Handsets spark lens demand
Consumer demand for cameraphones booms, despite technical challenges, claims analyst iSuppli
Mobile phones have emerged as the single largest market for image sensors, surpassing the entire consumer electronics segment to become the main application for both Charge-Coupled Device (CCD) and CMOS image sensors, according to iSuppli.
The company’s findings provide further evidence of the rapid growth of the mobile cameraphone market worldwide.
Revenue from shipments of image sensors for mobile phones will grow to US$5.9 billion by 2010, increasing at a Compound Annual Growth Rate (CAGR) of 27.4%, up from US$1.7 billion in 2005, iSuppli predicted.
Unit shipments of image sensors to mobile phones will grow to 1.2 billion by 2010, increasing at a CAGR of 19.7%, up from 484 million units in 2005.
In 2005, 199 million image sensors were sold for all other applications other than mobile phones — including digital still cameras.
By 2010, this disparity will increase, with nearly 1.2 billion sensors shipped for mobile handset use and slightly less than 350 million destined for other applications.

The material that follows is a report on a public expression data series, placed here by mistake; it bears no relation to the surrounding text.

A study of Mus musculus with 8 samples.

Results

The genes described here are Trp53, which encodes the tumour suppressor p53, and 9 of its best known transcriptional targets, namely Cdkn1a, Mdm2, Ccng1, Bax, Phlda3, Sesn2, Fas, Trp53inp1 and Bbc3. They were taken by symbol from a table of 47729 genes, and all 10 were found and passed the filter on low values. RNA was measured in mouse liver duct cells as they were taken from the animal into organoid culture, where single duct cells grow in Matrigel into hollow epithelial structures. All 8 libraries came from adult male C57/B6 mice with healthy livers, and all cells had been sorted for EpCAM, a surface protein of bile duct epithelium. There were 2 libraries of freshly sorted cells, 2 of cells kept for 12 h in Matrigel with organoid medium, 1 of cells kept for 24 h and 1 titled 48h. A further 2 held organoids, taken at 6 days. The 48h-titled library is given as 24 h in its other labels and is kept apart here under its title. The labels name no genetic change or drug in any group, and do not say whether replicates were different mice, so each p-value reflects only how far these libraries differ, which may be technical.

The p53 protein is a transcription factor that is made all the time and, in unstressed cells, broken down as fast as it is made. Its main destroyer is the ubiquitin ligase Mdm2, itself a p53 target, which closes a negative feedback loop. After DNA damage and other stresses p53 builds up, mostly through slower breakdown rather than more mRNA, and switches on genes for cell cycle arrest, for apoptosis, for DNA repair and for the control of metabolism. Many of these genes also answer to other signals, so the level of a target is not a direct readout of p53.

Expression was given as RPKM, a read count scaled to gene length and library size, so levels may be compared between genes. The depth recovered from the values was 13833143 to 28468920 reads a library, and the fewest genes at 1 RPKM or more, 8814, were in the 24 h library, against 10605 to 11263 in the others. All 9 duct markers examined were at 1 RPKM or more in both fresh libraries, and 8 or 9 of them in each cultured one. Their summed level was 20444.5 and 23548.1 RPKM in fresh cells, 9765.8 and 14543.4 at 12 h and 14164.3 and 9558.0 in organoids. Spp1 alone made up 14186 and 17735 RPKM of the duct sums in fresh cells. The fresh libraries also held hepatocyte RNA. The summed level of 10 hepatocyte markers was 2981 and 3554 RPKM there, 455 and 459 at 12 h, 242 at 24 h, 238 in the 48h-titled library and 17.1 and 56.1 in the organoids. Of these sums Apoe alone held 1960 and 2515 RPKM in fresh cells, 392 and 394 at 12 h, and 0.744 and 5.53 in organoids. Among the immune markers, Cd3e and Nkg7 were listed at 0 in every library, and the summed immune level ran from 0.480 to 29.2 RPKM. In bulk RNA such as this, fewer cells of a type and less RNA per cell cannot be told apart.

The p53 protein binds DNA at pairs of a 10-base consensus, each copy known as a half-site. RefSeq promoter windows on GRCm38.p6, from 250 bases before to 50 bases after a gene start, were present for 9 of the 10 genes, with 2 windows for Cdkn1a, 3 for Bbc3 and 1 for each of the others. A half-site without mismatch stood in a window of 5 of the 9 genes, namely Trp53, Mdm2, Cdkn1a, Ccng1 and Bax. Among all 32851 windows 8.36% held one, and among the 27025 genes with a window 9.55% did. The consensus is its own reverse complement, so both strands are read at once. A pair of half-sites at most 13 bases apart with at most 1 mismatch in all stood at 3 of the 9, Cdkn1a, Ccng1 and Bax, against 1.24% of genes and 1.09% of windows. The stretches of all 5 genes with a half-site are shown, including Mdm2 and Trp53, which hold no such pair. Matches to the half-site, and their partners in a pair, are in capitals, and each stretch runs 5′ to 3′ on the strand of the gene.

“Since the handset sensor suppliers’ future is tied directly to the handset makers, it has become critical for sellers of CCDs and CMOS imagers to form relationships at all levels of the mobilephone supply chain in order to prevent losing market share or design contracts to competitors,” said Chris Crotty, senior analyst for consumer electronics at iSuppli.
“The high volume of sensor sales is likely to result in product commoditisation, which in turn will lead to increased industry consolidation,” Crotty added.
Although cameras have become standard fare on most mobile phones, studies suggest that actual usage remains low, with less than 10% of consumers actually using their handsets as their primary image capture device. Digital still cameras remain the device of choice for capturing images digitally according to iSuppli.
The company cited a number of reasons for this, including the poorer image quality typically associated with mobile cameraphones; and difficulties encountered when transferring images from a phone to a PC or printing device.
These challenges are exacerbated by two other factors: marketing generated by digital still camera manufacturers and user experiences, Crotty claimed.
In the first case, camera manufacturers have successfully convinced consumers they require more megapixels than necessary to shoot a decent image.
The second factor is the difficulties users face with cameraphones when trying to perform common photography tasks such as printing, cropping and zooming. Cameras generally need between 4- and 5-megapixels to support these tasks. However, users may have to get accustomed to low-resolution camera phone pictures because at the current rate of advancement, the average cameraphone will not reach the 4- to 5-megapixel level range until 2010, Crotty added.